Apparently, the customer is always right, especially when he’s a white, male power-broker.
Larry Moneta should have known better. He’s been through the lacrosse scandal and endured the fallout from a noose being hung on Duke’s campus and a statue of Robert E. Lee being vandalized. As a white man who’s almost always the most powerful person in the room, he ought to have known that in engaging a woman of color in a discussion about artistic expression that comes out of her own African-American community, it’s a moment to do more listening than talking.
Instead, according to one of her co-workers, Moneta “harassed” Joe Van Gogh barista Britney Brown because Young Dolph’s rap song “Get Paid” was playing on Spotify over the speakers at the local roastery’s on-campus coffee shop last week.
This situation is a classic brew of white critique against hip-hop: coarse language, aggressive misogyny and – the one that constantly leaves us white guys scratching our collective head – the use of the n-word by black people. One wants to say these things are objectively offensive, these references to sexual violence and the use of what may have become the most hurtful word in the American lexicon. And maybe they are.
Sign Up and Save
Get six months of free digital access to The Herald Sun
But if I learned one thing in my undergraduate philosophy classes, it’s that objective reality – if it exists – can only be approached subjectively. Whatever might be precisely the true and right way to look at a scenario, I can’t ascertain it, and neither can you. We do the best we can, with a little epistemological humility.
This lesson seems to have escaped Moneta, surrounded though he may be by its exercise in classrooms all over Duke’s campus. It wasn’t enough simply to express his opinion that Young Dolph’s lyrics did not belong in the café where he buys his vegan muffins. It wasn’t enough that Brown apologized and turned off the song. It wasn’t enough to ask her, customer to employee, to be more careful about playing music that might offend more sensitive sensibilities. Moneta pulled rank. He decided to go at least three levels above her head to complain to the executive director of Duke’s dining services which led to the firing of both Brown and her co-worker.
“Duke University has instructed us to terminate the employees that were working that day,” according to an audio recording of JVG human-resources rep Amanda Wiley obtained by IndyWeek.
My own particular identity has given me many of the benefits of patriarchy and white privilege. Having my own perspective – what I think I know – confronted by friends of color is an important part of my own development as a human being. There are truths I can’t know on my own. I need others to teach them to me.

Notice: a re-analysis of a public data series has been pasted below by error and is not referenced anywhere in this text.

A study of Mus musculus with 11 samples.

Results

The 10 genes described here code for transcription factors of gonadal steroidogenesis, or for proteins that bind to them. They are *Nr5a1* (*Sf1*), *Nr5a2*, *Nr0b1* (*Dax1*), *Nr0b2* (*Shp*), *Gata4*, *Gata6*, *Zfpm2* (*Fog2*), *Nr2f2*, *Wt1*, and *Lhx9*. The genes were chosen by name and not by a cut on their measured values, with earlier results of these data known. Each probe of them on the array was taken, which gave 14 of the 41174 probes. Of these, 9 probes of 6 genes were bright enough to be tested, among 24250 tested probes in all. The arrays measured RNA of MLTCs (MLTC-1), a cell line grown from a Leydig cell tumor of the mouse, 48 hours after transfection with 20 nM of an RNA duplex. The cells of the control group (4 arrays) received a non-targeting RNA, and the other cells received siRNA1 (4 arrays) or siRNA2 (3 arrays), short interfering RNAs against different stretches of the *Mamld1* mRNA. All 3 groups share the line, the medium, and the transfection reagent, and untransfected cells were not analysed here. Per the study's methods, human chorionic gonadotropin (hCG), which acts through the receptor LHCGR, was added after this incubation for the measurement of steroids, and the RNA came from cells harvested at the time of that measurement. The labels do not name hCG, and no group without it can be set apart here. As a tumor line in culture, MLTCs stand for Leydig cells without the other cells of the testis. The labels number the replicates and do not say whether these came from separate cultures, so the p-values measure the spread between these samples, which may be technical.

In all honesty, from where I’m sitting right now, in my comfortable dining room in my gentrifying Walltown neighborhood, three blocks from East Campus at an elite university that gave me a master’s degree, some things are non-sensical. I don’t know why Donald Trump’s sexually violent rhetoric would be any worse than Young Dolph’s, apart from the fact that the rapper didn’t run for president. I don’t know why young black men can call one another the n-word, while I would never dream of it.
But I’m also striving to be humble enough in my judgments to consider that “nonsense” to me might make lots of sense to someone else. I don’t know that any relationship or society can sustain this kind of cognitive dissonance for very long, but we seem to be in a cultural era when that dissonance is prying open long-held assumptions to let in some air. And that seems to be a very, very good thing.
Dr. Moneta, in my humble opinion, may have missed a chance to unsettle some things he takes for granted. His order at the coffee shop might have opened up a beautifully educational moment, and maybe it still will. JVG owner Robbie Roberts, at least for his part, has apologized for the firings and promised steps to remedy them.
Any of us might learn a lot from hearing a black woman like Brown explain what she hears in rap lyrics that appear to my privileged ears to dehumanize her and all women. I don’t have any right to ask that of her. But I have friends who might shed some light on questions like this if given the chance, and maybe you do too. This episode invites us not to judge but to listen and learn.
Jesse James DeConto is a writer and musician in Durham. Contact him at firstname.lastname@example.org.